As a third grade classroom teacher, I have to say …

I don’t hate the Common Core.

I started my teaching career in 2012 when North Carolina began implementation of these standards, and in my time studying at UNC I had the opportunity to look at the old North Carolina Standard Course of Study side-by-side with the Common Core. All of the units that I wrote had to provide the old and the new standards, and it was staggering how different they were when looking at them this way.

There’s a lot of talk in the education world about getting students prepared for their futures, which is incredibly valuable. If we want high student achievement, we must not only adopt rigorous standards but ensure that our instruction is tied closely to those standards.

Standards-based instruction yields some benefits worth mentioning:

Students are able to build on what they’ve previously learned.

With our current standards for literacy and math, spiraling occurs throughout grade levels. What this means is that a child in kindergarten learns about finding the main idea with prompting and support from her teacher, but in third grade that same child will need to identify the main idea and key details to support the main idea, and then in fifth grade she will need to determine more than one main idea of a text with key details to support the main ideas and also summarize the text. Each year, grade level standards build off of the year before, so students have building blocks to work with as they learn new material. If every teacher is teaching with standards at the heart of his/her lessons, then students are constantly being exposed and re-exposed to similar concepts throughout their schooling.

Stronger connections between subject matter can be made.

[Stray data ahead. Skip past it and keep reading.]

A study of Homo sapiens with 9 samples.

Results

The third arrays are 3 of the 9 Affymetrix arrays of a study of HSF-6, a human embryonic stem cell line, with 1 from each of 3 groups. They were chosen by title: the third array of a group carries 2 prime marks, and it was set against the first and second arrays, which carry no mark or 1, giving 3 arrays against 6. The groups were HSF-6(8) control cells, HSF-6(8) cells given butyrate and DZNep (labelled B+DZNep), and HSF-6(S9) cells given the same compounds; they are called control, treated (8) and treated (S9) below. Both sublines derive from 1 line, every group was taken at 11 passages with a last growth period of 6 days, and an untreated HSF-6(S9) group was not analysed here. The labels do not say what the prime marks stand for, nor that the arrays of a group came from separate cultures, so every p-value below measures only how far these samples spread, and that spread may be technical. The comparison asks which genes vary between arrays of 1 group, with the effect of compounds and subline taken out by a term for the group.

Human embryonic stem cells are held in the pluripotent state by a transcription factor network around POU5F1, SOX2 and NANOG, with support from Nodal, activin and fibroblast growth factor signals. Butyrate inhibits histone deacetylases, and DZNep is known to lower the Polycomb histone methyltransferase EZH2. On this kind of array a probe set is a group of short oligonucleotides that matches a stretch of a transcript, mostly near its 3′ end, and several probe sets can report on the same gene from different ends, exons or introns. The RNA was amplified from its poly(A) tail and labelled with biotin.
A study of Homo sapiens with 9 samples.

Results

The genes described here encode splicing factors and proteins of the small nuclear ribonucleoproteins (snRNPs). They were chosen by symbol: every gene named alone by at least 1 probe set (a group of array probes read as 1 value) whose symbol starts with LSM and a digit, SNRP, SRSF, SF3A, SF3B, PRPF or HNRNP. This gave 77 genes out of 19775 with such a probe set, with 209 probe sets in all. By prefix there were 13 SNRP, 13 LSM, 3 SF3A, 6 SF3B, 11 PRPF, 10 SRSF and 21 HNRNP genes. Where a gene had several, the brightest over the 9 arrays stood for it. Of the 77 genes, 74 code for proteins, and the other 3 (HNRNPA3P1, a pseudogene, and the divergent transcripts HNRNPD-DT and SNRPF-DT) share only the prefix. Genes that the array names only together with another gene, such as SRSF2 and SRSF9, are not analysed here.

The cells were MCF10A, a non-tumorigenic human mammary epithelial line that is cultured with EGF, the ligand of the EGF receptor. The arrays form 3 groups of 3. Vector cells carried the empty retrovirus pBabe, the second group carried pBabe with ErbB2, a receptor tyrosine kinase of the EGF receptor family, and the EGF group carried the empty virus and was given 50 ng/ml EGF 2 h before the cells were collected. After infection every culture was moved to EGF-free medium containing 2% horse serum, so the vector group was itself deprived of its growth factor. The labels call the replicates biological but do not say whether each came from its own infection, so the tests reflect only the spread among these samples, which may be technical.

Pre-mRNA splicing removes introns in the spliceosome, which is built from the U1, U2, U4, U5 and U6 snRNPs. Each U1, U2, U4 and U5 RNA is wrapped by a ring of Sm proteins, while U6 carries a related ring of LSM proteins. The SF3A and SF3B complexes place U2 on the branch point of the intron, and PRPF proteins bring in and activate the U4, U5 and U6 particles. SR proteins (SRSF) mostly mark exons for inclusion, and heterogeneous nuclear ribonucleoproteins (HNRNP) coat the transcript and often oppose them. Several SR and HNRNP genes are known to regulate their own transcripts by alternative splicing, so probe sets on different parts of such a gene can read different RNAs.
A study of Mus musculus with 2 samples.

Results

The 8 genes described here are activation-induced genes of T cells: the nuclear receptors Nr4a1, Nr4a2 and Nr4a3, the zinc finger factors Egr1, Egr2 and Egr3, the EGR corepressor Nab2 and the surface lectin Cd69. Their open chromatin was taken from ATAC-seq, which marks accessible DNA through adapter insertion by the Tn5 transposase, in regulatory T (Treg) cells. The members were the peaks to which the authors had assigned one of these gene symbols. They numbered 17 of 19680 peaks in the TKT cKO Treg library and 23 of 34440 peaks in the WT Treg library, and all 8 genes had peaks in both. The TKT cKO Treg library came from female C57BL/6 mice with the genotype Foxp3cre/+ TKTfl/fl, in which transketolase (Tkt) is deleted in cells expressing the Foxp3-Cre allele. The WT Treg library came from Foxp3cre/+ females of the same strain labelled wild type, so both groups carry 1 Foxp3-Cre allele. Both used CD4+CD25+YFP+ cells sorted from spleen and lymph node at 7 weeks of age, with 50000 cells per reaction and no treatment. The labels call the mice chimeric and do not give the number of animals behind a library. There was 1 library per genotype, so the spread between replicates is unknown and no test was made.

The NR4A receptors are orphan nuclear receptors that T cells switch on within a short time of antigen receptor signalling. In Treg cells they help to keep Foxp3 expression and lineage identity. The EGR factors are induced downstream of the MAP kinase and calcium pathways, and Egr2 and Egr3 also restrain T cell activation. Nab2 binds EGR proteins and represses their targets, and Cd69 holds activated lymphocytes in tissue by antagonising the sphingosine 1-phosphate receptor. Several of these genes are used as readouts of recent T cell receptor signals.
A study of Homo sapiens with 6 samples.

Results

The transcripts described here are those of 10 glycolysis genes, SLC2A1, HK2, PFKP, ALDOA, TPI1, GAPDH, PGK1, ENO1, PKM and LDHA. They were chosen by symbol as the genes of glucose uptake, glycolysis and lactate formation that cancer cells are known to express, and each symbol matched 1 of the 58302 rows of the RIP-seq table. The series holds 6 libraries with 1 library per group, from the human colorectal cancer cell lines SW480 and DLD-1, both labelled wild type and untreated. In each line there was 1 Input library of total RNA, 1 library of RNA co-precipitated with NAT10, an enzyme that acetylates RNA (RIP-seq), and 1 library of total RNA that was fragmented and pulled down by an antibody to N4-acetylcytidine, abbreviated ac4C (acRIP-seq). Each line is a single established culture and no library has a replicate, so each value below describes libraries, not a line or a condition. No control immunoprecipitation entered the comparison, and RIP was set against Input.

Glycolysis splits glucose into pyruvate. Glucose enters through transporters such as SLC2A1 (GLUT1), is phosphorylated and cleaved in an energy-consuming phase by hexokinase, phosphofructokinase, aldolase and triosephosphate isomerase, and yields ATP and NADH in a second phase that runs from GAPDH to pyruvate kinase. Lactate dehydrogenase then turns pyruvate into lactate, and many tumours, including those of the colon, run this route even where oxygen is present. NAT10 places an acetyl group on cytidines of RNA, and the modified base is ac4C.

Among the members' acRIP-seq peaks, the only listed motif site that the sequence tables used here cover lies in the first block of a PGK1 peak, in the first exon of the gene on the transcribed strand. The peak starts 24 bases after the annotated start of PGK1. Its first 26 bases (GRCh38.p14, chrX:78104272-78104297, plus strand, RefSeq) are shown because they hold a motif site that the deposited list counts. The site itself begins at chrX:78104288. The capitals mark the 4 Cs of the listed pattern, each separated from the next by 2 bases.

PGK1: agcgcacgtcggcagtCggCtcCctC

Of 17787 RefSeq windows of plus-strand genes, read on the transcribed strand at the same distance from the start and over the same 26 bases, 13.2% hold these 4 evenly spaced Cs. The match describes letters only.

Consistency is seen between schools and districts.

If a teacher in Charlotte-Mecklenburg is implementing standards-based instruction and one of her students moves to Orange County and has another teacher implementing standards-based instruction, then that child should have a very smooth transition. Between schools, if teachers have the standards at the heart of their lesson planning, then a clearer vision can be achieved of what works well and how schools and districts can improve. The door is also opened for learning from one another when teachers are on the same page with the standards and how to instruct using them.

I like pushing my students.

I like hearing them say that something is “too hard.”

I like watching them think and collaborate.

This happens often in my classroom and I believe I have rigorous standards to thank for that.


 

Allison Redden

Allison Redden (formerly Stewart) works as an education research analyst with RTI International’s Center for Education Services (CES). A former public school educator in the Triangle, Allison participated in several teacher leadership programs in North Carolina, including the Kenan Fellowship and the Education Policy Fellowship Program. She was the Public School Forum’s Beginning Teacher Leadership Network Coordinator for Wake County before moving to Tennessee to pursue her Master of Public Policy at Vanderbilt, specializing in K-12 Education Policy. She is interested in engaging in conversations and actions to advance equity, while navigating the intersections of education, economics, and policy. Redden is a proud product of North Carolina public schools, from Cabarrus County Schools to the University of North Carolina at Chapel Hill.